An unremarkable September has led to a slow start for the Yale men’s and women’s golf teams, as both teams are still looking to find their rhythms in the fall portion of the season.

The Yale men’s team stayed just behind the daily leaders throughout the two-day, three-round Cornell Invitational, where the Bulldogs ultimately tied for third place in the field of 14. Meanwhile, the women kicked off their year with some strong individual performances but a last-place finish at their most challenging match of the season, the Mason Rudolph Invitational at Vanderbilt University.

“I feel like the team overall struggled for the weekend,” Jonathan Lai ’17 said. “Finishing third place for the second week in a row is definitely a disappointment.”

Coming off an identical finish at the Doc Gimmler tournament, the men’s team stayed near the top of the pack on the first day of competition. The Bulldogs overcame rough weather during the first round to finish the day in fourth place with a score of 595, just one stroke behind Penn and Cornell, the latter of which would go on to take first place in its home tournament.

Lai led the Elis all weekend, ending the first two rounds with a total of 143 (+1), including a score of one-under-par in his afternoon round. He was aided by notable scores from Jordan Weitz ’20, James Nicholas ’19 and captain Li Wang ’17, who finished Saturday six, seven and eight strokes over par, respectively.

“Lai played well this weekend,” Nicholas said. “He carried the team and finished third in solo. He’s been clutch for us in the past, so it was no surprise.”

The final round wrapped up the tournament on Sunday morning. Lai shot par to bring his individual score to 214 (+1), earning himself third place in the standings. The Bulldogs’ last round was their best, with a score of 289, pushing them into a third-place tie with Siena College, which dropped from the top spot after the second round.

The team attributed some of the challenges of the weekend to both weather and the condition of the course.

“The course itself wasn’t a particularly tough track, but the rough summer in Ithaca made the conditions of the course less than ideal,” Lai said. “We all struggled to make putts, so that really reduced our ability to score well this weekend.”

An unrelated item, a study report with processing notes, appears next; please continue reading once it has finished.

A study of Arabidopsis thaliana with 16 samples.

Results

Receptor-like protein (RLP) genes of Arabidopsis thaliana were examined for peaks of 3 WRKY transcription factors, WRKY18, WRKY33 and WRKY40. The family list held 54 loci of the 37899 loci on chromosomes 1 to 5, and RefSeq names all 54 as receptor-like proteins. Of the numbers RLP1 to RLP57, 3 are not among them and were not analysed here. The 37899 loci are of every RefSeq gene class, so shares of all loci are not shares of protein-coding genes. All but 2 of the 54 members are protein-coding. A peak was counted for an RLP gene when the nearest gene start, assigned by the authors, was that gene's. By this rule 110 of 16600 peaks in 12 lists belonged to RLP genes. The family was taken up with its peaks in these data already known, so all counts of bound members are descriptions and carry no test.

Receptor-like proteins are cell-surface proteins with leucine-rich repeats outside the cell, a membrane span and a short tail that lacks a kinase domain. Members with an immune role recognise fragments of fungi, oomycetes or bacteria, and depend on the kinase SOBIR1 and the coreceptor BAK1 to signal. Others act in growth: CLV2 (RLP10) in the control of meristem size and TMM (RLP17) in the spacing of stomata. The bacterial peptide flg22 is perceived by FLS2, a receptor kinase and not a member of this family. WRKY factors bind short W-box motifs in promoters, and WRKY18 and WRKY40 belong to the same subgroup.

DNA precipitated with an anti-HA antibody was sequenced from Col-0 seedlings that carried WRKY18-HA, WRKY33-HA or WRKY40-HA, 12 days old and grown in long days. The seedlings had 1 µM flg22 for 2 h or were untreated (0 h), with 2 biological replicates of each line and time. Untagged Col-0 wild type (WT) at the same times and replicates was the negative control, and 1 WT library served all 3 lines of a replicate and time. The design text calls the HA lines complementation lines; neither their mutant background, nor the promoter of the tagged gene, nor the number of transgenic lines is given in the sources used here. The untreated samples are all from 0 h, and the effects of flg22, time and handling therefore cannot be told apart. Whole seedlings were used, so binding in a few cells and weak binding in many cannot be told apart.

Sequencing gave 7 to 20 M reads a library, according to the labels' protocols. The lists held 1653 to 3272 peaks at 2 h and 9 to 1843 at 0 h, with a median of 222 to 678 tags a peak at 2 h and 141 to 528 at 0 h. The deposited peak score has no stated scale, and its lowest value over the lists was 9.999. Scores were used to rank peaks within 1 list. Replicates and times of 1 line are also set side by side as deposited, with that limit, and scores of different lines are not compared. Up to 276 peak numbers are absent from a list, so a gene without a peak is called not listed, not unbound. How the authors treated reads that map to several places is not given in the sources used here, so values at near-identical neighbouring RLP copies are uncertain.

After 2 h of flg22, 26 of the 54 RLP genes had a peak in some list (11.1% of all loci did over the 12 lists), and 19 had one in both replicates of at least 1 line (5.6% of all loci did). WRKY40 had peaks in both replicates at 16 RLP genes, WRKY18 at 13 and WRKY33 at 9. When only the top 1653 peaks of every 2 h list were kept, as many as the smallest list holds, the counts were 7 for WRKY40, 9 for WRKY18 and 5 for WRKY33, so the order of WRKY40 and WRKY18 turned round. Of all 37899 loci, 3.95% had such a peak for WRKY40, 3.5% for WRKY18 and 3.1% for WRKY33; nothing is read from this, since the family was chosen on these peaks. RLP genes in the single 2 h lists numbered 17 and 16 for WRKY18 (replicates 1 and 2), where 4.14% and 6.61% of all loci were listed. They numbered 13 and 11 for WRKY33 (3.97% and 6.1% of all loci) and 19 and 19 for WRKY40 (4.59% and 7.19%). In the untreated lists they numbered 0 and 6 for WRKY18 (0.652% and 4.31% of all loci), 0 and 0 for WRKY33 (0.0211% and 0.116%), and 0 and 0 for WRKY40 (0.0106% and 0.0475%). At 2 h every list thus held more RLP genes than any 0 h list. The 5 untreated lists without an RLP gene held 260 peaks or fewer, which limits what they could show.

The men’s team will be returning home to New Haven with the hope of returning to form on its own turf. Yale will host the MacDonald Cup, a two-day event that begins on Oct. 1.

For Nicholas, September has been a stepping stone for a team that he said has both talent and potential.

“[I am] not really proud of anything this weekend,” Nicholas said. “We all need to get better and better each week. If we can do that, then we will have a great season.”

While the Eli men are still awaiting the most competitive field they will see in the fall — the Classic in Atlanta — the women started off with some of their most talented opponents right at the start of their season. Hosted by Vanderbilt, the Mason Rudolph was a three-day event that included Alabama and Northwestern, two teams that finished last season ranked No. 3 and No. 8, respectively.

“I like playing with people and teams who are just as good or better than us,” Elisabeth Bernabe ’17 said. “It really pushes you to rise to the occasion … You can then incorporate what you learn from good teams into your practice regime and see if it benefits your game.”

While the Bulldogs remained near the end of leaderboard throughout all three rounds, individual golfers had some success in 90-degree heat and intermittent thunderstorms. Yale’s performance was highlighted by two scores of 75, just three over par, by Felicia Chang ’20 in the second round and Bernabe in the third.

According to Bernabe, a strong freshman showing and consistent scores from upperclassmen were positive takeaways.

“It was our first tournament of the semester, so although we were a bit rusty, we really kept our games together and finished strong,” Bernabe said. “We persevered through some tough weather conditions and had good mentalities on the course.”

Chang had a particularly promising start in the Yale uniform. The freshman tied Bernabe for the team lead with four birdies and earned the lowest Eli score in both the first and second rounds.

Despite a 15th-place finish out of a field of the same number, captain Sandy Wongwaiwate ’17 saw the Mason Rudolph as an opportunity for growth that will help contribute to better scores when Yale returns back to its usual competition.

“This weekend was a wake-up call and a good learning experience for all of us,” Wongwaiwate said. “It was helpful to see how the top teams in the nation perform. Looking ahead, we want to try to be more strategic in our practices and prepare ourselves better for the rest of the season.”

The women’s team will compete next at the Nittany Lion Invitational at Penn State on Saturday.